Written by Kerry Godliman

Lifestyle

Costume drama

Turns out that Kerry Godliman is a bit like Worzel Gummidge – but without the detachable head. She lets Standard Issue into the wardrobe department of her real life.

Illustration by Louise Boulter

Illustration by Louise Boulter

I’ve just got back from the school run and looked in the mirror. I’ve got bed hair, no make up and under my coat I’m wearing my pyjama top. I look like a hospital patient that’s nipped out for a fag. The school run is a safe place of dishevelled abandonment, and this is the costume.

I would never dream of going anywhere else looking like this. When I go to meetings or standup gigs, my makeup and hair is attended to. For the grown-up world I carefully consider what costume to wear and might even squirt on a bit of perfume. I can do groomed-ish. We all wear different costumes for the different roles we play in life, don’t we?

When I was a kid I loved Worzel Gummidge. I don’t want to upset anyone, but if you’re under 37 you really missed out. Worzel Gummidge was an extremely pleasing TV programme from the late 70s about a scarecrow that came to life and had Una Stubbs as a love interest. He had a variety of different heads that he could remove and attach to suit the different needs he wanted to perform. I’ve always kept that concept close to my heart. I don’t change my actual head, but the way I present myself does have different looks for different needs. These different costumes reveal a variety of my life roles.

When I’m being a standup comedian I wear jeans and a blouse, no patterns. I always wear makeup and rarely big jewellery. I want to keep the attention on what I’m saying, not what I’m wearing and I need to be comfortable. If I’m meeting a friend I might wear a skirt and tights. I might opt for big earrings, or a colourful necklace. I’ve even been known to go floral. Once in a blue moon I go to a party, and can rock a glam look. I can totter around in heels for at least and hour and 18 minutes. There are roles from my past that have been retired now. Like I occasionally used to work in the corporate world and wore a suit. I loved my one black trouser suit. It made me feel smart and effectual. I was a total fraud and always felt like a fish in a desert in that office type environment. But I like playing dress up, and felt it empowering.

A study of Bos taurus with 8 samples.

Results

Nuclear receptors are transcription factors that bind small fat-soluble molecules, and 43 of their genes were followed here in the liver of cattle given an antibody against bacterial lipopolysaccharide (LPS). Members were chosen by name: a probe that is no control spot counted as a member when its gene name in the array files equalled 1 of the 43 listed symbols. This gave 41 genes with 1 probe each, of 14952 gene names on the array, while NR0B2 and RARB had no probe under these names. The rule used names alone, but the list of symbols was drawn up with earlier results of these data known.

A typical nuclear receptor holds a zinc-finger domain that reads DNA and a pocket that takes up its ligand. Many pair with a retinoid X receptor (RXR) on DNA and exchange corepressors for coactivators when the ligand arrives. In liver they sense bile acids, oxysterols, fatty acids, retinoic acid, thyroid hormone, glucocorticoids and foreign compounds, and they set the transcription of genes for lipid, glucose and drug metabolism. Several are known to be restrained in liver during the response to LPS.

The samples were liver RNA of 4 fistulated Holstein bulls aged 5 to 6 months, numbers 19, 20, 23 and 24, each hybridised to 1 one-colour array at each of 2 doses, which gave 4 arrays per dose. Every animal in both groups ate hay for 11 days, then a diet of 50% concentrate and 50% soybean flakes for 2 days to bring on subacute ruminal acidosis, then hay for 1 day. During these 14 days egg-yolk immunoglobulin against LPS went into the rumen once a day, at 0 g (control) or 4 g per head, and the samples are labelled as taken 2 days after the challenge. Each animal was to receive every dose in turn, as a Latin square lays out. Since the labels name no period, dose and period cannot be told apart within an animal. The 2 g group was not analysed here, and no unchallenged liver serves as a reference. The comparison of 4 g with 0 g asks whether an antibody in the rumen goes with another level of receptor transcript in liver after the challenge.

When I first started seeing my husband he had trouble decoding my communication style. If I asked, “How do I look?” he’d reply: Fine, or great, or lovely or nice. But then I’d ask, “What’s this outfit saying?”
“What?” He’d blink back at me. “What do you mean ‘saying’?”
Well, different outfits can be saying all kinds of different things, can’t they? They can be saying ‘lonely art teacher’; they can be saying ‘confused roadie who’s stuck in the 90s’, or ‘aggressive therapist’, or ‘unpublished poet’, or ‘harassed mum’.
He’s on board with all this doublespeak now, and can quickly assess if an outfit is ‘saying’ the required sub-message. “You look like a creative type who has flamboyance, and wit, but can be serious if needed, and very reliable… And smells nice.” Bless him. He’s a keeper.

If I have to go straight from the school run to a meeting or a rehearsal I’ll wear makeup and dress like a professional adult. “You look glamorous!” said a comrade mum. Glamorous? I can be upgraded to “glamorous” just because I’ve got lippy on and no encrusted Weetabix down my front.

If I feel like I’m in the ‘wrong costume’ it can be a remarkably unsettling feeling. I want to grow out of that weird sensation I’ve had since girlhood where I feel my outfit defines who I am. I should know better by now. When some one impresses me with their talents I never consider what they’re wearing. I think I’m old enough to dump imposed and fictional notions of what is the ‘right’ outfit.

One heroine that comes to mind is my childhood friend Zoe Cook. Zoe Cook came to my Cowgirls party as a cat. She was older than me and had an air of mystique. She wore a black leotard and black sheer tights and had a cat mask, complete with whiskers. I stood before her in my Stetson hat, bandana scarf and tasselled waistcoat, at my own party, surrounded by 10 other cowgirls and I thought, “I’m in the wrong outfit.” Zoe Cook swaggered that cat costume like an actual cat. Her outfit was saying, “ I’m a cat and you’re a cowgirl. So what?”

@KerryAGodliman

www.kerrygodliman.com


Kerry Godliman is a comedian and actress and mum, who dabbles in a bit of multitasking.